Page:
Considering the Steelers went 10-5-1 last season, it doesn't take a PHD to figure out why Cowher is stressing giveaways and takeaways. The Steelers have an explosive offense capable of putting up a lot of points in a hurry against any defense in the league.
But that offense also turned the ball over far too often - 36 times to be exact. And offensive coordinator Mike Mularkey would definitely like to see them cut down on its 22 interceptions, of which Tommy Maddox threw 16.
"I don't fault Tommy for some of those interceptions, because you want a quarterback who feels he can stick it in there," said Mularkey. "But the thing I want to work with him on is that if there's a question of whether he can or he can't, then don't. Just drop the ball down to the back."
So that has been the offense's emphasis in training camp.
The defense, meanwhile, has worked on flowing to the ball and stripping it away. The Steelers forced 36 turnovers last season, matching their offensive output, but Cowher is always looking for more.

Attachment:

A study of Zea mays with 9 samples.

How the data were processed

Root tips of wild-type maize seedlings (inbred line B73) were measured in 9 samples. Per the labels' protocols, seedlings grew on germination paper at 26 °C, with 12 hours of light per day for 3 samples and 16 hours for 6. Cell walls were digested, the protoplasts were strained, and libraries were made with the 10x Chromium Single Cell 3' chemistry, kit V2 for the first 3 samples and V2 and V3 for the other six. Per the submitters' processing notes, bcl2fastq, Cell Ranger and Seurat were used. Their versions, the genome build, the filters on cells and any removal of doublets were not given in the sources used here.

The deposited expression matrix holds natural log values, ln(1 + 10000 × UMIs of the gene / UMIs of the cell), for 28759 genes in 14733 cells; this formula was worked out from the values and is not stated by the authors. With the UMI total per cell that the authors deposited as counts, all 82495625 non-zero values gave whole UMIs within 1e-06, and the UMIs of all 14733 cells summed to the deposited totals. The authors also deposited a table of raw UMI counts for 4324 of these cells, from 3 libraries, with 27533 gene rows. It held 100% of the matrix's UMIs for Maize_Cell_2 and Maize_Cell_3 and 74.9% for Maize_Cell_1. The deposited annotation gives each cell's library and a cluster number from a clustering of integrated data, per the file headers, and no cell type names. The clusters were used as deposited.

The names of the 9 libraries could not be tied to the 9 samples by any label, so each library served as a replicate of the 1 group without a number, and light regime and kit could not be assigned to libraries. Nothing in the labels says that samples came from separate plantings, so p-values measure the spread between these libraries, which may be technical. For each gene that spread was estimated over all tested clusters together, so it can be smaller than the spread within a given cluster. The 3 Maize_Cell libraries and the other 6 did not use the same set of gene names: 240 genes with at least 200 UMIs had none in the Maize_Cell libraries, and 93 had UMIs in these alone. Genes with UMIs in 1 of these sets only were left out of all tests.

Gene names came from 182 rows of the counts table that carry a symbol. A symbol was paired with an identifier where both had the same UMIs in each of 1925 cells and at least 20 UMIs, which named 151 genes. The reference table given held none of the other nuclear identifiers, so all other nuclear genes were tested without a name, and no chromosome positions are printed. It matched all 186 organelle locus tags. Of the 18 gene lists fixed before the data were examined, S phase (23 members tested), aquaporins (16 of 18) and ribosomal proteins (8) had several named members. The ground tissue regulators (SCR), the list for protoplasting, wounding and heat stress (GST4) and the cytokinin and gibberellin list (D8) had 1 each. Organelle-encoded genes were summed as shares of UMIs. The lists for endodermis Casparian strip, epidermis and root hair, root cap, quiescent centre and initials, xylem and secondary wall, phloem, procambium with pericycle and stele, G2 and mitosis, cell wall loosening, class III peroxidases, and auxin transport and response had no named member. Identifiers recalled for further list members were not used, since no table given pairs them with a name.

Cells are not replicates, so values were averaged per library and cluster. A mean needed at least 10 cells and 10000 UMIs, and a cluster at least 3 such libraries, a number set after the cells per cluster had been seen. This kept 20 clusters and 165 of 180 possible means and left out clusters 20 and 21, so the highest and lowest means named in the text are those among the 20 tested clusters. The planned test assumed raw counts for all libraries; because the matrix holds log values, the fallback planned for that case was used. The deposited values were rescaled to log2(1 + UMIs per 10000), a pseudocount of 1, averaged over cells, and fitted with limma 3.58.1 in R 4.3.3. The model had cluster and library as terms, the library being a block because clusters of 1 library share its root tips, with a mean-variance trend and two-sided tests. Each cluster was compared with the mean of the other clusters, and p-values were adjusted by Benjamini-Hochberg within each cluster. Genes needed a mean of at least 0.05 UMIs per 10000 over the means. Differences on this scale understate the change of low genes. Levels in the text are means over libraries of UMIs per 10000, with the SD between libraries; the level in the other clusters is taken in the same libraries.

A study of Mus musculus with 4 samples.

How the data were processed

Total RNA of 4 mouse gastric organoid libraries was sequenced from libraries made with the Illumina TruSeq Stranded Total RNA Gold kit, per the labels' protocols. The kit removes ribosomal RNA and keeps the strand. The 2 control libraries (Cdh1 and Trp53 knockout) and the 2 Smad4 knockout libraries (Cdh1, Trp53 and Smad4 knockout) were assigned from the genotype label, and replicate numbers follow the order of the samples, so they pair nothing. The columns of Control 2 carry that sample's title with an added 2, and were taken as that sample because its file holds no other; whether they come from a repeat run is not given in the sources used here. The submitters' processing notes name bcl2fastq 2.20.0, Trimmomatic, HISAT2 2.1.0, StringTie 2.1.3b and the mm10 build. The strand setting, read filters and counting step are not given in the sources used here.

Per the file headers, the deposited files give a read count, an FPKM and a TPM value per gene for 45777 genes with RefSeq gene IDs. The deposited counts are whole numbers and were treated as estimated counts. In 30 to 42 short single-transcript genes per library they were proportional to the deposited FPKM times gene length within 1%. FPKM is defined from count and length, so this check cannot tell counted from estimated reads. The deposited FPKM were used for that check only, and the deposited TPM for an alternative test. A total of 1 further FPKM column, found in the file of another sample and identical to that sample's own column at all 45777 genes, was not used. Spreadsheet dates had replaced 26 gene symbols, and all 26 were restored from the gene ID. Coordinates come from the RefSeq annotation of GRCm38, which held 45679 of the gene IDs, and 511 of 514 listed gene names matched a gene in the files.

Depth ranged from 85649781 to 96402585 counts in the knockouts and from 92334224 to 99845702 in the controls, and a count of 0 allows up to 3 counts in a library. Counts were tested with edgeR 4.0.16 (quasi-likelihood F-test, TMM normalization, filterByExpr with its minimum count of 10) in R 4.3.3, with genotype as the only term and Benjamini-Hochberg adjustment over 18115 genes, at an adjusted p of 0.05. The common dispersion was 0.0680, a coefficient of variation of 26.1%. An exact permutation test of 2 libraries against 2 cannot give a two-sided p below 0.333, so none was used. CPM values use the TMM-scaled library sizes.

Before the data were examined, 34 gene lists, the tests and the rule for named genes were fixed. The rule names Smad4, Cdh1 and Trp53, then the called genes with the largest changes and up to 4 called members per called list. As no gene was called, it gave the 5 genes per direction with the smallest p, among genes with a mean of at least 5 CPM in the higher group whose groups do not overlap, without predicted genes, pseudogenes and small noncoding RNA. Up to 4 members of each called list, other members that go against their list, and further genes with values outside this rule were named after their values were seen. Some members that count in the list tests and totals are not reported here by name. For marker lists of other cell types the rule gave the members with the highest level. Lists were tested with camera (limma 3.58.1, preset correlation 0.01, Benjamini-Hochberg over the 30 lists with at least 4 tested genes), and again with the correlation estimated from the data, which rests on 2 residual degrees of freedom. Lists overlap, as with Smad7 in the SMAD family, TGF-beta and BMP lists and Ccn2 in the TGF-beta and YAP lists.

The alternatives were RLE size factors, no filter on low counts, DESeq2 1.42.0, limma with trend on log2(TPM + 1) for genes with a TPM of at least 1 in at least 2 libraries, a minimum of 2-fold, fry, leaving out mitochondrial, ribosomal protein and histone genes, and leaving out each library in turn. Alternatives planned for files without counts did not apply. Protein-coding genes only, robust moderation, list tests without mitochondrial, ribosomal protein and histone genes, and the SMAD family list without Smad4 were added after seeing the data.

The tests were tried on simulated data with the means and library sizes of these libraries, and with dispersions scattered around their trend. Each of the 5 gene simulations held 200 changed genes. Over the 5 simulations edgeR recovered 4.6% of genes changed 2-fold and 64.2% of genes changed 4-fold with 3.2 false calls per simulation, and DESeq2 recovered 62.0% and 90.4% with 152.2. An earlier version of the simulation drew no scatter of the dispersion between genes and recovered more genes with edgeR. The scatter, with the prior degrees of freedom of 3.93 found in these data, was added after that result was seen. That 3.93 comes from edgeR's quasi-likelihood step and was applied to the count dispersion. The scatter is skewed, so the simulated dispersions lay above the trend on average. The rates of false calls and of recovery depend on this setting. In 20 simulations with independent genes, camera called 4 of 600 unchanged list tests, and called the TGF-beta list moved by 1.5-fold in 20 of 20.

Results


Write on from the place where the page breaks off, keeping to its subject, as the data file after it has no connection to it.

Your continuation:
"I put a big onus on the defense to take the ball away, and on the offense to take care of it," Cowher said. "We were our own worst enemies a year ago, and we're basing everything this year on where we finished last year."
"I should be upset with one side every day. If we're not getting the ball out, then we're not doing a good enough job on defense. If the ball's coming out, then I'm not happy with the offense. It's going to allow me to be ornery out here every day."
The only thing the coaching staff must guard against is taking away the aggressive nature of the offense.
Part of the reason the Steelers went with Maddox over Kordell Stewart last season was because they liked his decisiveness. Maddox knows where he wants to the throw the ball and has the confidence in his receivers that they will find a way to make a play. And it's hard to argue with last season's results.
The turnovers did, however, put added pressure on a defense that was already under the gun.
Cutting back on the Steelers' turnovers is certainly something that is worth working on. But given the choice of watching Hines Ward, Plaxico Burress, and Antwaan Randle El get opportunities to make plays downfield, or Dan Kreider and Jerome Bettis catch a pass for three yards, I'll take the air-it-out mentality.